As you read this, I should be sitting on a talcum-powder-soft white sand beach in Aruba, sipping Mai Tais with my wife and watching bikini-clad bronzed beauties saunter by as the tropical sun sinks slowly over the turquoise waters of the southern Caribbean. (OK — first, a cautionary note. My wife generally doesn't bother to read my columns. But if any of you are ever talking to her, don't mention the bikinied babes. Just tell her I said I was mesmerized by the local wildlife!)
Anyway, this is one of several trips we will be taking to foreign locales this year honoring our 40th wedding anniversary and spending what few nickels we've managed to put aside over the last four decades.
And because I just can't get Social Security off my mind, even while lazing on tropical beaches, I'm going to take this opportunity to discuss what happens to Social Security benefits when people live overseas.
If you are a U.S. citizen, the rules are pretty simple. You can get your Social Security benefits almost anywhere in the world. The Treasury Department doesn't allow any federal government checks to be sent to North Korea or Cuba, but it's unlikely any of my readers are planning a move to those lovely lands. And there are Social Security restrictions that prevent benefits from being sent to Vietnam and most of the republics that formerly made up the Soviet Union (places like Belarus, Ukraine, Uzbekistan, etc.). There are some exceptions to those Social Security restrictions, if any of those remote places are beckoning you in retirement.
If you are not a U.S. citizen, but you have lived in this country legally and worked and earned Social Security benefits, then the rules get a little more complicated. I will briefly explain some of them. And I will frequently refer you to a booklet that the Social Security Administration produces called "Social Security: Your Payments While You Are Outside the United States." You can find the booklet online at SSA's website. Here is a link: http://www.socialsecurity.gov/pubs/EN-05-10137.pdf.
If you are citizen of one of the 23 countries that have Social Security treaty agreements with the U.S., then you also can get your benefits anywhere in the world (with the same restrictions that apply to U.S. citizens outlined above). You'll find the list of countries on page five of the booklet. The list includes most European countries as well as places like Israel, Australia, Japan and South Korea.
Page six of the above referenced booklet has another list of countries. If you are a citizen of one of those countries, you can get your Social Security benefits while living outside the U.S., but only if you are receiving Social Security retirement or disability benefits. If you get Social Security dependent or survivors benefits, then the rules really get messy — way too complicated to explain in the short space of this column. Please refer to the booklet for more information.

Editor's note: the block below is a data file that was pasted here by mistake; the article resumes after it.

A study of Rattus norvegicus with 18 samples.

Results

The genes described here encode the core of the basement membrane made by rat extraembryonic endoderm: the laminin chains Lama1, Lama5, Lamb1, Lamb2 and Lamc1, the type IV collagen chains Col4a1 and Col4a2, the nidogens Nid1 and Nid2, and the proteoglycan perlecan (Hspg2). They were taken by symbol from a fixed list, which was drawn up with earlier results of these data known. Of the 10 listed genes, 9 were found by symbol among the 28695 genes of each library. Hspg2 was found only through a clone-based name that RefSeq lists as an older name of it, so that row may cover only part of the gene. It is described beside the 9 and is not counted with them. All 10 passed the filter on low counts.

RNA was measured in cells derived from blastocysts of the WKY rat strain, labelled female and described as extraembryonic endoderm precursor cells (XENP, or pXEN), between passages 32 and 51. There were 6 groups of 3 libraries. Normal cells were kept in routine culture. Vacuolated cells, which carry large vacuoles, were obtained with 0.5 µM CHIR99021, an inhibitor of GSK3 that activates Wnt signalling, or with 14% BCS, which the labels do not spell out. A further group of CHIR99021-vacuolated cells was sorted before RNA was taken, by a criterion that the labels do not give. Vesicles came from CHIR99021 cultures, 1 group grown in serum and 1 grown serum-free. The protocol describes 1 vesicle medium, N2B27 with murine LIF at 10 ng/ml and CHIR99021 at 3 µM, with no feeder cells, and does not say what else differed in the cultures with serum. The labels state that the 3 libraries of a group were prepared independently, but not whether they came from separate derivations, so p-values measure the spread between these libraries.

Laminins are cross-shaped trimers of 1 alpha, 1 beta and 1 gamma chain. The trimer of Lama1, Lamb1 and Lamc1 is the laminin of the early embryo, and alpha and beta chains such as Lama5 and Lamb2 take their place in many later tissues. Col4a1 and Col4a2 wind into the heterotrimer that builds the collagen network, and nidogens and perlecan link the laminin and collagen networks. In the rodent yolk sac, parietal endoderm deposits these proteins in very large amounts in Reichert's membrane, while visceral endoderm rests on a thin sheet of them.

If you are not a citizen of one of the countries listed on pages five and six of the booklet, but you are receiving U.S. Social Security benefits, then as a general rule those benefits will stop once you have been outside the country for more than six months.
If you are getting Social Security benefits while living overseas, you are generally subject to the same rules and regulations that apply to Social Security beneficiaries in the United States. And some of the rules are even more restrictive. For example, there is an earnings penalty that applies to any Social Security beneficiary in this country who is under age 66 and making more than $15,400 per year. But if you are under age 66 and living overseas, you won't get your Social Security check for any month you work over 45 hours, no matter how much money you make. There are exceptions to this rule. The most common is this: If you work for a U.S. corporation overseas, then you are subject to the more lenient earnings penalty rules that apply to U.S. residents.
If you are getting Social Security disability benefits while living overseas, the same rules apply to you as apply to people living in this country. That means, for example, that your claim will be periodically reviewed to make sure you are still disabled.
If, in addition to whatever U.S. Social Security benefits you might have earned, you also get a pension from another country, that pension may reduce or even eliminate the amount of Social Security benefits you are due. These are the same rules that impact people in this country who get pensions from jobs not covered by Social Security (like teachers in some states). I've explained these rules many times in past columns.
If you are a U.S. citizen living overseas, the benefits you receive are subject to the same income tax payments that apply to U.S. residents. If you are not a U.S. citizen, then SSA will automatically withhold a portion of your benefits to cover possible tax obligations — although there are some exceptions to that rule.
This column just very briefly summarized some very complicated rules that apply to Social Security beneficiaries living overseas. If you are now, or someday will be one of those people, don't use this column as your gospel. Instead, please refer to the booklet referenced above.
If you have a Social Security question, Tom Margenau has the answer. Contact him at [email protected] To find out more about Tom Margenau and to read past columns and see features from other Creators Syndicate writers and cartoonists, visit the Creators Syndicate website at www.creators.com.